Q Why is it in News ?
A The Union Cabinet has decided to declare November 15 as ‘Janjatiya Gaurav Divas’ to mark the birth anniversary of revered tribal leader and freedom fighter Birsa Munda.
Q Who was Birsa Munda (1875-1900)?
- Birsa Munda was an Indian tribal freedom fighter, religious leader, and folk hero who belonged to the Munda tribe.
- He spearheaded a tribal religious millenarian movement that arose in the Bengal Presidency (now Jharkhand) in the late 19th century, during the British Raj.
Q What are some more details about him ?
A Birth and early childhood
- Born on November 15, 1875, Birsa spent much of his childhood moving from one village to another with his parents.
- He belonged to the Munda tribe in the Chhotanagpur Plateau area.
- He received his early education at Salga under the guidance of his teacher Jaipal Nag.
- On the recommendation of Jaipal Nag, Birsa converted to Christianity in order to join the German Mission school.
- He, however, opted out of the school after a few years.
- On March 3, 1900, Birsa Munda was arrested by the British police while he was sleeping with his tribal guerilla army at Jamkopai forest in Chakradharpur.
- He died in Ranchi jail on June 9, 1900, at the young age of 25.
Q What was the new faith founded by him ?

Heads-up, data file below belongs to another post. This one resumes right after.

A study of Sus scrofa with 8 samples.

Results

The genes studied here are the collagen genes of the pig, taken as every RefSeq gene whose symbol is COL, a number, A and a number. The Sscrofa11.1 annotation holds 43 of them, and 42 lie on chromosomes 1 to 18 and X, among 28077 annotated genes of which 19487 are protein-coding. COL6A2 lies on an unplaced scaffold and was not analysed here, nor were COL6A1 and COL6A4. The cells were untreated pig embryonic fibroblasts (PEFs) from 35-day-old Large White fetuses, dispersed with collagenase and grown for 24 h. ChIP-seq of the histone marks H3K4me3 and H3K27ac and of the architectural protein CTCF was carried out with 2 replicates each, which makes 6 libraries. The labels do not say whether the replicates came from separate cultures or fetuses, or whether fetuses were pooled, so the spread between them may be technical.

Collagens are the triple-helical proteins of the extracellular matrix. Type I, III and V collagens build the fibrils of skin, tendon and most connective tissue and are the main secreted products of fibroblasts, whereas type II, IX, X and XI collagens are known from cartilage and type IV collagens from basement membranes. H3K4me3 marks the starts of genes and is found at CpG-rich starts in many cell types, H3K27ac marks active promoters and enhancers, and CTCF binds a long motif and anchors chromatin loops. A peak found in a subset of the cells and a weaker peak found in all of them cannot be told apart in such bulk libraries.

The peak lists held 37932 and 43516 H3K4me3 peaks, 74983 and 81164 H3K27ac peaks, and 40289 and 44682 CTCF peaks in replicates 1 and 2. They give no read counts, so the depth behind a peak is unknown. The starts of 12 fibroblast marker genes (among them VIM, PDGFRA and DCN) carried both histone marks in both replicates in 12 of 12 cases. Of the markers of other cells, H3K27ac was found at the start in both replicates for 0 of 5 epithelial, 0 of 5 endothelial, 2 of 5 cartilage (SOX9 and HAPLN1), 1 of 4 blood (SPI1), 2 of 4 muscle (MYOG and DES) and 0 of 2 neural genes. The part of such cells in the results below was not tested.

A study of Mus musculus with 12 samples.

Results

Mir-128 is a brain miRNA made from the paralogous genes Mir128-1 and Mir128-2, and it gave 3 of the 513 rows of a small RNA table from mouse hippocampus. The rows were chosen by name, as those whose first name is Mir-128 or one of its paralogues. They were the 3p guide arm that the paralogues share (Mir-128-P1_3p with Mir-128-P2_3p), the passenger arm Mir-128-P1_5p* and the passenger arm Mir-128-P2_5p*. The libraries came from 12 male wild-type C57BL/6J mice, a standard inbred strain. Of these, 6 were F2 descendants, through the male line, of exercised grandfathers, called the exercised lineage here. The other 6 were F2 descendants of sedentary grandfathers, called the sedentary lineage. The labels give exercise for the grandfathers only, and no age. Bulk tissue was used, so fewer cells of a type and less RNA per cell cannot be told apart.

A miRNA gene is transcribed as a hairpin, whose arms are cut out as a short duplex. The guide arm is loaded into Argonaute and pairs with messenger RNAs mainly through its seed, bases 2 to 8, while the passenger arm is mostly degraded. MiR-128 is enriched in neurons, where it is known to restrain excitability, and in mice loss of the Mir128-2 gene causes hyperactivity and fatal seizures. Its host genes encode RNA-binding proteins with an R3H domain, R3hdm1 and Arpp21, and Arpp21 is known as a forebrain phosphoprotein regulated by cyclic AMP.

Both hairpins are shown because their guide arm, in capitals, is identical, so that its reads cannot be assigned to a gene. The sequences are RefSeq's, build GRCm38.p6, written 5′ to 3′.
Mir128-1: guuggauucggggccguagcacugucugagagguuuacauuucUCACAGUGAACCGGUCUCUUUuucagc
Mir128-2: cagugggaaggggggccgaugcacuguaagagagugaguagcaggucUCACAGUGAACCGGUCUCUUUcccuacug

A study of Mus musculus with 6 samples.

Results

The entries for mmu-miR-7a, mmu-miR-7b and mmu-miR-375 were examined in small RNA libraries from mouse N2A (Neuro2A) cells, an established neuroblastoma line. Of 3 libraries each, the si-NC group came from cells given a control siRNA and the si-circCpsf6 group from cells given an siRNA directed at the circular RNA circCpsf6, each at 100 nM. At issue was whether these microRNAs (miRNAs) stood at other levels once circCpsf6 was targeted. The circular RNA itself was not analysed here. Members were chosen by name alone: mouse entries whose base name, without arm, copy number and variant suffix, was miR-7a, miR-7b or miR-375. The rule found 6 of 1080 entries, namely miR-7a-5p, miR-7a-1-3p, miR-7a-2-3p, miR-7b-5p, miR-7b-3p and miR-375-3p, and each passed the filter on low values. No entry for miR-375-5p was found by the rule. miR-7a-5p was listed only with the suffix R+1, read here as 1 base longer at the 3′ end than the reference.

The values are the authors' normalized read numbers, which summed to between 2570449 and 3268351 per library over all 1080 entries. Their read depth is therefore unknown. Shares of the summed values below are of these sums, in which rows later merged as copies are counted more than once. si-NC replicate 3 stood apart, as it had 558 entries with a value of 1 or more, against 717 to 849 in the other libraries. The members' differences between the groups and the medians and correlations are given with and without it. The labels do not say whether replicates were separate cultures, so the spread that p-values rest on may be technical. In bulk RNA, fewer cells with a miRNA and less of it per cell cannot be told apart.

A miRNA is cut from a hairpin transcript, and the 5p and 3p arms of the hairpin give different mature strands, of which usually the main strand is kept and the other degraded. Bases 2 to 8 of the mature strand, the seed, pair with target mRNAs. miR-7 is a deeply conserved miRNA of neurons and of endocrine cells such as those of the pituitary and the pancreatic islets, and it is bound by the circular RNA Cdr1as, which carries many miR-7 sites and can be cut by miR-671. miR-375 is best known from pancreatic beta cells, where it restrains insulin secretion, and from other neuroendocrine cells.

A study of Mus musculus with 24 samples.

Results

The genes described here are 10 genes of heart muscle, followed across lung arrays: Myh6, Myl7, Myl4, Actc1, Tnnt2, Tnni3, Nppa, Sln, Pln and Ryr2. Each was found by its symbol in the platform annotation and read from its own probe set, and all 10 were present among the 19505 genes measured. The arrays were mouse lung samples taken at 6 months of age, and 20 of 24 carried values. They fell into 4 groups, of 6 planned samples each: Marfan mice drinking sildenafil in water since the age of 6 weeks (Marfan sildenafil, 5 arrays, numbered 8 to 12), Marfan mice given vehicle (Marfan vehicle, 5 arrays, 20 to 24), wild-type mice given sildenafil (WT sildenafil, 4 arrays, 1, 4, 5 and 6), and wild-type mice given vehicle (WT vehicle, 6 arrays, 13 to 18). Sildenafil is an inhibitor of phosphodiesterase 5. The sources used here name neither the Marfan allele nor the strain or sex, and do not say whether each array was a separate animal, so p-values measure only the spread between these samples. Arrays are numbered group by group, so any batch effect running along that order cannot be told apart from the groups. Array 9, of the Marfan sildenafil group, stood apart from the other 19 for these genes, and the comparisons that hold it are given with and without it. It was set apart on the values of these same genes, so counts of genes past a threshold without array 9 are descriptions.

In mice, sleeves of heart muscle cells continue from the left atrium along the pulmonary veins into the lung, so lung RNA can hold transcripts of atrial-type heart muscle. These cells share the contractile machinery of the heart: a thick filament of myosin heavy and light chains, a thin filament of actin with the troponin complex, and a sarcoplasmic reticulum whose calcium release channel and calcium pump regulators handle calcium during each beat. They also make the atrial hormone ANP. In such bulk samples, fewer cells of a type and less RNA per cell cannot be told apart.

A New faith ‘Birsait’ against religious conversion
- The impact of Christianity was felt in the way he came to relate to religion later.
- Having gained awareness of the British colonial ruler and the efforts of the missionaries to convert tribals to Christianity, Birsa started the faith of ‘Birsait’.
- Soon members of the Munda and Oraon community started joining the Birsait sect and it turned into a challenge to British conversion activities.
- The Mundas called him Dharati Aaba, the father of earth.
Q What is ulgulan ?
A The Ulgulan
- The Great Tumult or Ulgulan was a movement started by Birsa Munda against the exploitation and discrimination against tribals by the local authorities.
- Although the movement failed, it did result in the Chotanagpur Tenancy Act which forbade tribal lands passing to non-tribals, protecting their land rights for the foreseeable future.